Some Kentucky Organizations Expect Revenue Growth From New License Plate Law
A new law that goes into effect next week will require Kentucky drivers to donate $10 when buying and renewing some special license plates. That same law will also end production of the special plates for organizations that do not register enough users.
Kentucky defines a special license plate as one which identifies the driver as, “a member of a group or organization, or a supporter of the work, goals, or mission of a group or organization.” There are dozens of special license plates, and the majority of them (including military, university and nature plates) already include a mandatory donation.
The change, mandated by House Bill 341, affects 29 special license plates. Starting Monday, anyone buying plates that support causes such as Alzheimer’s Awareness, Friends of Coal or the National Wild Turkey Foundation will be required to make a $10 donation to the organization.
The change could bring more revenue to these groups. Kentucky Library Association Executive Director Tom Underwood said in an email that optional license plate donations earned the organization almost $18,000 last year, which was spent to fund scholarships for students studying to be librarians.
Louisville Zoo Assistant Director of Operations Stephanie Moore said the zoo also earned around $18,000 from optional license plate donations last year, and she expects the new requirement will bring them more money. Moore said those donations support the organization’s free “School at the Zoo” program, which could use any additional funds to expand.
“It’s a great way for kids who may not have access to the zoo on a regular basis to come to the zoo and be able to experience an educational program in a whole different way,” Moore said. “Our zoo supporters are typically very loyal … I don’t anticipate that it could be a decrease [in donations] but I guess we’ll see.”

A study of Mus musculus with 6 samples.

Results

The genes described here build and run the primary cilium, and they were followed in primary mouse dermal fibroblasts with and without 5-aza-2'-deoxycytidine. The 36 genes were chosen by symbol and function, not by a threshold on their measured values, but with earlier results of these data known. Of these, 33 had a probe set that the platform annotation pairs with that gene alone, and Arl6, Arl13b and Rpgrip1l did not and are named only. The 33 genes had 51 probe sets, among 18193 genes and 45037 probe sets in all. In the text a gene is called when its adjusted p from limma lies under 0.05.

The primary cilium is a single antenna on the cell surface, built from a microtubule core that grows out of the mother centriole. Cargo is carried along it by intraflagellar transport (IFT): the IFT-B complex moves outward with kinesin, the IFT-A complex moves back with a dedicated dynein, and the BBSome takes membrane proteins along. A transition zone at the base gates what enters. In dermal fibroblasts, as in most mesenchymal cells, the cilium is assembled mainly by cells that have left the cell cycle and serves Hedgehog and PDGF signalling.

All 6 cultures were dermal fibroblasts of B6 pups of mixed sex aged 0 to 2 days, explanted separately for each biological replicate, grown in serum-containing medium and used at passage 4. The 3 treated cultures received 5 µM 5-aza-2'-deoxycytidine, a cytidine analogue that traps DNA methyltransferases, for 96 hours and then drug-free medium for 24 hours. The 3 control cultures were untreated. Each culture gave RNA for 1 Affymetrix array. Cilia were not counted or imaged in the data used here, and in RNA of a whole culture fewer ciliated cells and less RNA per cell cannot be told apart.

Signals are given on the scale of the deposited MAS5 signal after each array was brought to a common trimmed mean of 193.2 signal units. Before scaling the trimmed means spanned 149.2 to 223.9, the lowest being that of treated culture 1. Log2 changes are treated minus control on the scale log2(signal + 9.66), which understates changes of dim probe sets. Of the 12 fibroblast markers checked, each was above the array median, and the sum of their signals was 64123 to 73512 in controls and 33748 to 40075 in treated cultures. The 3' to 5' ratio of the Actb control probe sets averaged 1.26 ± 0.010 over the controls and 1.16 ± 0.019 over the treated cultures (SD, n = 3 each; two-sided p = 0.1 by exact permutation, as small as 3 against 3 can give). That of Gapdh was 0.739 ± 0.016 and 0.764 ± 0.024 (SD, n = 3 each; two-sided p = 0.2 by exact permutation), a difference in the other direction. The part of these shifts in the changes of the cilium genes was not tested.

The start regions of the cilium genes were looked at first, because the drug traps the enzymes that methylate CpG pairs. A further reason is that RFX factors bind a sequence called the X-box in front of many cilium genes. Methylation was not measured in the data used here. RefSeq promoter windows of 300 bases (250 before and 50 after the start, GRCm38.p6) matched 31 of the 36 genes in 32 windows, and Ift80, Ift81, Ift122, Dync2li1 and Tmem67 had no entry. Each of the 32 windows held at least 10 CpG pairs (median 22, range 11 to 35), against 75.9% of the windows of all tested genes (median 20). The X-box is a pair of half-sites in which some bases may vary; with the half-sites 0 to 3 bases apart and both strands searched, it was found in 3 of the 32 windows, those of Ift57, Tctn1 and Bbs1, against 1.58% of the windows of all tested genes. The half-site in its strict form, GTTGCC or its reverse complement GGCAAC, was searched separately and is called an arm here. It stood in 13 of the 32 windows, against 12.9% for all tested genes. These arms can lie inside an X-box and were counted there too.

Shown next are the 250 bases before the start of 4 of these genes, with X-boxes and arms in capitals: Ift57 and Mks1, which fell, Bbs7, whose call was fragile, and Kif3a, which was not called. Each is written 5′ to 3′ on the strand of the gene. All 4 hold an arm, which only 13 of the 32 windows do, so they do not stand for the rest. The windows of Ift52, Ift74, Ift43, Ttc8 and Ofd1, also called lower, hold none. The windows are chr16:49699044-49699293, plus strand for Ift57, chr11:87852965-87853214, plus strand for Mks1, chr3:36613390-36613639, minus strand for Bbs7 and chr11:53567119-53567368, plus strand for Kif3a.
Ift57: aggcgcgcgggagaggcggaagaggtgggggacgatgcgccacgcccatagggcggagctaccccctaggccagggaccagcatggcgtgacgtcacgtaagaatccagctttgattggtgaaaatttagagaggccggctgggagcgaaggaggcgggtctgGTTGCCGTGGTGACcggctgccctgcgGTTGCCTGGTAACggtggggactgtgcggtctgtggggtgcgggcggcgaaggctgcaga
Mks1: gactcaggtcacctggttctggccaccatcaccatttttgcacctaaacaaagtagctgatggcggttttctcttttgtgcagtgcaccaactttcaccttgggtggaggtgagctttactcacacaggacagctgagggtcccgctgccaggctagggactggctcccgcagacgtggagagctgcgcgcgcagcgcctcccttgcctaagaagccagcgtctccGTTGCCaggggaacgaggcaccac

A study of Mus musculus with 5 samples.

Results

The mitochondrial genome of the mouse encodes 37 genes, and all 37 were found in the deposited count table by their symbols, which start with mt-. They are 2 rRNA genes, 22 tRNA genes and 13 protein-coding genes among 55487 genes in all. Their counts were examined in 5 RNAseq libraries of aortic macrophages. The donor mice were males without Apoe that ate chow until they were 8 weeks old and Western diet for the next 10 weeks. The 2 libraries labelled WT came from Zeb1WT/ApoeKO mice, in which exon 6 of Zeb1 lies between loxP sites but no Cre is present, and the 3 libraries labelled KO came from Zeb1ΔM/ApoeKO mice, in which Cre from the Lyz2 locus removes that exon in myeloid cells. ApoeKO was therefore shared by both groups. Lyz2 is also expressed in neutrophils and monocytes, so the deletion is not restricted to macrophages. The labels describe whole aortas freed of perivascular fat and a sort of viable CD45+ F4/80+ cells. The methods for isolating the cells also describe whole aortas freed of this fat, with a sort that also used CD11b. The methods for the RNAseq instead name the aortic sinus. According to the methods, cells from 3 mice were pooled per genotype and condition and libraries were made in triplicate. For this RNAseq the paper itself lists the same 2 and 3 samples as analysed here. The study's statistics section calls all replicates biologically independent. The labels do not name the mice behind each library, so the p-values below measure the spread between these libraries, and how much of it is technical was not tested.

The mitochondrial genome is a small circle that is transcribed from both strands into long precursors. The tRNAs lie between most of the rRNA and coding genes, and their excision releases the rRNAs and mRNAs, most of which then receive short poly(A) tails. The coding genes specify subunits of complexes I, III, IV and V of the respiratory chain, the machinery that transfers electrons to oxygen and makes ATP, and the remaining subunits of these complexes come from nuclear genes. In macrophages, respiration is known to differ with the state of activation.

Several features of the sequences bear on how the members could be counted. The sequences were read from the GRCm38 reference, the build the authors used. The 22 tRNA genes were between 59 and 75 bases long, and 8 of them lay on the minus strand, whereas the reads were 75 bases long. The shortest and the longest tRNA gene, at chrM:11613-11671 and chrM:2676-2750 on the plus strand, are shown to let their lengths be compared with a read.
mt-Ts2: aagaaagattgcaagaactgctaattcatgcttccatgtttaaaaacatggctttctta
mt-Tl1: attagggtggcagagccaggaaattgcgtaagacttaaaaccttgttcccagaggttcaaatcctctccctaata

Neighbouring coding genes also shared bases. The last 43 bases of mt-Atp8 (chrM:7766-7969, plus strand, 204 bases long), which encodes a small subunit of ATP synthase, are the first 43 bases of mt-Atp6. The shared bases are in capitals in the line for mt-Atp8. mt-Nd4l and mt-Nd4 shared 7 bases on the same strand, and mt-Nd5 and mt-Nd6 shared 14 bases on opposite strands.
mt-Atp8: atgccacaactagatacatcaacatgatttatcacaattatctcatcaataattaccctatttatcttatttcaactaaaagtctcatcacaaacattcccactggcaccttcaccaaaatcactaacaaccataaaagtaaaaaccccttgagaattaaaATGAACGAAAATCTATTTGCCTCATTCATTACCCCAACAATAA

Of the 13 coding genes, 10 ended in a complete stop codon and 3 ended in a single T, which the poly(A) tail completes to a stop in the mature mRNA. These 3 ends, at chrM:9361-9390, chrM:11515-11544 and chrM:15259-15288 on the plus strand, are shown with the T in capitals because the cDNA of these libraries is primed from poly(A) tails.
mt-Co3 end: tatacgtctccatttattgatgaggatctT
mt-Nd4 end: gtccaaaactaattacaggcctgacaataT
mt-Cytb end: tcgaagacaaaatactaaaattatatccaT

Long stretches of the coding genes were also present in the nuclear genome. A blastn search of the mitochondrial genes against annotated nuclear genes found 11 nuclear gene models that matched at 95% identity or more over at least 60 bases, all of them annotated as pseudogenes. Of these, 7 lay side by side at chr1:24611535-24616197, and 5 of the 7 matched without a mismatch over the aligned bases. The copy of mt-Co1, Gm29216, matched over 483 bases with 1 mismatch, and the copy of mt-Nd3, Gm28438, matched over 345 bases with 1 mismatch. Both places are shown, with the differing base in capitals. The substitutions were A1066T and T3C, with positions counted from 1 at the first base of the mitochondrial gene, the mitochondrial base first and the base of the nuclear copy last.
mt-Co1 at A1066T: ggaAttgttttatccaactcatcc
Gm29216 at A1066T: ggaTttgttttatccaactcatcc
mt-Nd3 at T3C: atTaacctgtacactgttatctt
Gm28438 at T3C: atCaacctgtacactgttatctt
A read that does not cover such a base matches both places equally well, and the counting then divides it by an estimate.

In addition to the donation, the new law also requires groups with special license plates to register at least 500 of them every year for the state to continue production of the plate.
Naitore Djigbenou, executive director for the Kentucky Transportation Cabinet’s Office of Public Affairs, said production costs likely factored into creating a minimum for registrations.
“Historically, making license plates has been something that sometimes comes at the expense of the state,” Djigbenou said. “We’re hopeful that people continue to maintain their license plates and now also offer financial support to these organizations that they are in favor of.”
Djigbenou said some groups do not register enough special license plates every year to meet the new requirement, but added that she does not know how many would fall short.
Djigbenou said KYTC’s Department of Vehicle Regulation will track whether organizations meet the registration requirement. The law goes into effect December 30.